McDonald’s, Burger King, Taco Bell … they all tempt us every day with their convenient locations, cheap prices, and tasty looks, but these foods are full of phosphates, which are shown to have adverse effects on people with kidney disease. A study done showed that people who don’t have the means to buy healthy food eat fast food more frequently, in turn worsening kidney disease.
Phosphorus is a mineral found naturally in foods like milk, cheese, beans and peanut butter. It is vital for the formation of bones and teeth, as well as energy production and the formation of cell membranes. Since the kidneys excrete excess phosphate, patients with Chronic Kidney Disease may develop increased blood levels of phosphate, or hyperphosphatemia. Manufacturers add phosphates to foods to give them a longer shelf-life and make them more appealing.
The study analyzed phosphate levels in the blood of patients participating in the Chronic Renal Insufficiency Cohort Study (CRIC). They examined the risk factors for kidney disease progression and cardiovascular disease in patients with Chronic Kidney Disease.
"Many studies have demonstrated that an elevated level of phosphate in the blood is associated with adverse outcomes in patients with chronic kidney disease and that blacks have higher phosphate levels than whites but we did not understand why levels are higher in blacks," Myles Wolf, MD, MMSc, senior author of the study was quoted as saying. "Our earlier work in the general population suggested that poverty was linked to a higher phosphate level, so we decided to delve deeper into that connection in the setting of chronic kidney disease."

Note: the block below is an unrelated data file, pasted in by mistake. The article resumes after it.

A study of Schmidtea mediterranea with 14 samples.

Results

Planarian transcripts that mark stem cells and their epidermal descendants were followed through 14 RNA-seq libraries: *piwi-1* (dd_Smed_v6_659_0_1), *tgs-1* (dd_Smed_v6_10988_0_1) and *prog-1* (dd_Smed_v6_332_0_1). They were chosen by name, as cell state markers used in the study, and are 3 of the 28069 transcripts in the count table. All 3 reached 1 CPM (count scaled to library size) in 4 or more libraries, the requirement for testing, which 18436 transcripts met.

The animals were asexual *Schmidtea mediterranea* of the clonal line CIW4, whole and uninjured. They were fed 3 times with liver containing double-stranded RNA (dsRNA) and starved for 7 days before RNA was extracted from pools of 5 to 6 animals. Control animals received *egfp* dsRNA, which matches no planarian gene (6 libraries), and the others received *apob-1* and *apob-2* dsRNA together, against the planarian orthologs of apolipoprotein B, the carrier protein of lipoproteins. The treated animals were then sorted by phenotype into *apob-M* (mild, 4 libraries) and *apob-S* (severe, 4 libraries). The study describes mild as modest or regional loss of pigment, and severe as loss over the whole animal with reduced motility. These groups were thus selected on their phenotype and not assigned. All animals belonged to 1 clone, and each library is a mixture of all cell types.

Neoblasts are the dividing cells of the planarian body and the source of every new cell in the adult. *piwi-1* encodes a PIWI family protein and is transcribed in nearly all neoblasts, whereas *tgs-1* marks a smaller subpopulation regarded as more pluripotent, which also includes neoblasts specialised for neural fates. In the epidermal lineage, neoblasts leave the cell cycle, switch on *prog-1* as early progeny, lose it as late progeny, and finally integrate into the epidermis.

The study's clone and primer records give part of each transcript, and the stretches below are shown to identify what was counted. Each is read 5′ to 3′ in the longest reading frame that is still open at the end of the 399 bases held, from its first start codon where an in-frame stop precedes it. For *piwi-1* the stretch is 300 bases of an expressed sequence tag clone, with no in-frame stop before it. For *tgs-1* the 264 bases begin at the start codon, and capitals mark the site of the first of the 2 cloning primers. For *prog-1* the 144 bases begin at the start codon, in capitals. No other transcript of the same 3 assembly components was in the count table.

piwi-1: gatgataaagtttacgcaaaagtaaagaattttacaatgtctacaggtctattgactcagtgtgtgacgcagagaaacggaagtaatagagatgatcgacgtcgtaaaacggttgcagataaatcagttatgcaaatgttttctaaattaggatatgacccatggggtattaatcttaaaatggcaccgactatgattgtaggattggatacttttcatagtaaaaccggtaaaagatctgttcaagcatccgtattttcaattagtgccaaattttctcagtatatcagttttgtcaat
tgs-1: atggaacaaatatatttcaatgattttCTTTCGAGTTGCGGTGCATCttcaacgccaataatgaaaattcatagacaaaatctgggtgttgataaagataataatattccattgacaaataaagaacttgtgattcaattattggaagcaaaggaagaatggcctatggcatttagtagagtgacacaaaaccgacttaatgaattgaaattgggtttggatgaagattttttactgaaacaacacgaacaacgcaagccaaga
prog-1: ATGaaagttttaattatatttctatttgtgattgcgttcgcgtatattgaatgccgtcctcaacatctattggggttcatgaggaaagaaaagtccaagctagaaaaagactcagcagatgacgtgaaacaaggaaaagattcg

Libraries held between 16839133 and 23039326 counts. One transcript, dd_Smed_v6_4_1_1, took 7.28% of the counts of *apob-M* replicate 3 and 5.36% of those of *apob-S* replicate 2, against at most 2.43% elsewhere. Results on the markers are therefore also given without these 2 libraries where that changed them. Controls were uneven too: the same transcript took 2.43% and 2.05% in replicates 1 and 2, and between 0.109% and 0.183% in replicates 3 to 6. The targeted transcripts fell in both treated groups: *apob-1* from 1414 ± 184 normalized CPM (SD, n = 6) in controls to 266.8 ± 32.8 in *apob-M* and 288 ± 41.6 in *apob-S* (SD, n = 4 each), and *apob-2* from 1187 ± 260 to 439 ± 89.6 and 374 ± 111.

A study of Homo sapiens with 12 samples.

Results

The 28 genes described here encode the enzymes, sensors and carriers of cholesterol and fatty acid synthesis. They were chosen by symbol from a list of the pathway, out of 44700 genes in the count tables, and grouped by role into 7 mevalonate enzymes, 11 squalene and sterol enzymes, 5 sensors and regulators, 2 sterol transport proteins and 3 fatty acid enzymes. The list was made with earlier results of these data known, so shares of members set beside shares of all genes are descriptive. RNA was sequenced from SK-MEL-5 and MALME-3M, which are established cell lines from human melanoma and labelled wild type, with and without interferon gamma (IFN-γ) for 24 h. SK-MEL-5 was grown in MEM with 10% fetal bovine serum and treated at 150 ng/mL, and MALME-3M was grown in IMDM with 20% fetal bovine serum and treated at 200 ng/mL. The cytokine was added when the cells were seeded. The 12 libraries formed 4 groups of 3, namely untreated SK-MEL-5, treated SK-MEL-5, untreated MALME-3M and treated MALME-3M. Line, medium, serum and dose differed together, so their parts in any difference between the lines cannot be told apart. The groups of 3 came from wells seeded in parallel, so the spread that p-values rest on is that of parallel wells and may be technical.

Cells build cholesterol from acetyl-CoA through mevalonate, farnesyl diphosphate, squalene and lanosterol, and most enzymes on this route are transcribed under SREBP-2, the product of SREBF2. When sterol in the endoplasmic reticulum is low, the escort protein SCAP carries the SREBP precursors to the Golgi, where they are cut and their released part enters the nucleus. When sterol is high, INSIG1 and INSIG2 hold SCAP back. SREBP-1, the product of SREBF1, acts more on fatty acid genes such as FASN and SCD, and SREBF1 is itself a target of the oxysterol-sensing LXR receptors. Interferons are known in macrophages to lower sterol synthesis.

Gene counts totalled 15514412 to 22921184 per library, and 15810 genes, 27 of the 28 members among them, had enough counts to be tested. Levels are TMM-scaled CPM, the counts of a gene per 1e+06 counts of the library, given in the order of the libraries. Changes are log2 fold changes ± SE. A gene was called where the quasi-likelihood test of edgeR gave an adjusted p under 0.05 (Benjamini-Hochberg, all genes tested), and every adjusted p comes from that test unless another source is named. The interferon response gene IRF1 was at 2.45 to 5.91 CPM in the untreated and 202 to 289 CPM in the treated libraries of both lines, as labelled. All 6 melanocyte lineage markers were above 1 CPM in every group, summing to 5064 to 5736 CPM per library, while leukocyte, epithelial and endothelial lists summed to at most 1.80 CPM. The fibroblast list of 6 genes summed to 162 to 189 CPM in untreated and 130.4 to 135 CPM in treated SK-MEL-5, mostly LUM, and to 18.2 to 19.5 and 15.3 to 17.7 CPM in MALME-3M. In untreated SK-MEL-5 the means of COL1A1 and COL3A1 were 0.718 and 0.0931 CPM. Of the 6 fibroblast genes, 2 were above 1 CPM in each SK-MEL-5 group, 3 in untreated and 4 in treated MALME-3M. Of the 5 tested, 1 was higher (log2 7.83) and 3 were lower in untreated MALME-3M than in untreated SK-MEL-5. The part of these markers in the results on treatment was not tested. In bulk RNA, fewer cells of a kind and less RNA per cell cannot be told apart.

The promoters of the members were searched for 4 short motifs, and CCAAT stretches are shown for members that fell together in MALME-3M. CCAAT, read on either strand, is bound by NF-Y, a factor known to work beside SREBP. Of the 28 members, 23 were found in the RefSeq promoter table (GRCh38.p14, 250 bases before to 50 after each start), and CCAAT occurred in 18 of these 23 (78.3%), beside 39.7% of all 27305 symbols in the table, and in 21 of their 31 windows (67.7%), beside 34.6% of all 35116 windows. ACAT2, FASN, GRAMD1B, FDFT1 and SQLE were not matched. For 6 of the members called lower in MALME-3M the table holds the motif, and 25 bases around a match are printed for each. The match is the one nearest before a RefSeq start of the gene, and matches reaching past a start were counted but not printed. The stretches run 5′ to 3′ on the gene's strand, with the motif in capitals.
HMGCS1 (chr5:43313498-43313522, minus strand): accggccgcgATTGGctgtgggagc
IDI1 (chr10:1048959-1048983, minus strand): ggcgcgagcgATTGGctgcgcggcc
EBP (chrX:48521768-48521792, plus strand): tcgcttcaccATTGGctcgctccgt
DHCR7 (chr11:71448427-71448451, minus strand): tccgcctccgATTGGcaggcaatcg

There were 3,126 racially and ethnically diverse participants, and those with the lowest incomes and those who were unemployed had more phosphate in their blood than those who were of high economic status. There was no difference in phosphate levels among blacks and whites who were unemployed or of lower income. The researchers concluded that the known belief that blacks are more at risk for Chronic Kidney Disease is solely due to economic status, and not race.
"For low-income patients, access to healthy food choices is limited, so their diet tends to consist of processed and fast foods heavily enriched with highly-absorbable phosphorus additives," M. Gutierrez, MD, MMSc, lead author of the study was quoted as saying. "The amount of phosphorus additives in food is not always listed, so people unknowingly ingest more phosphorus than they probably should." People with kidney disease should do everything in their power to not constantly eat processed and fast foods and focus more on foods that are nutritionally valuable.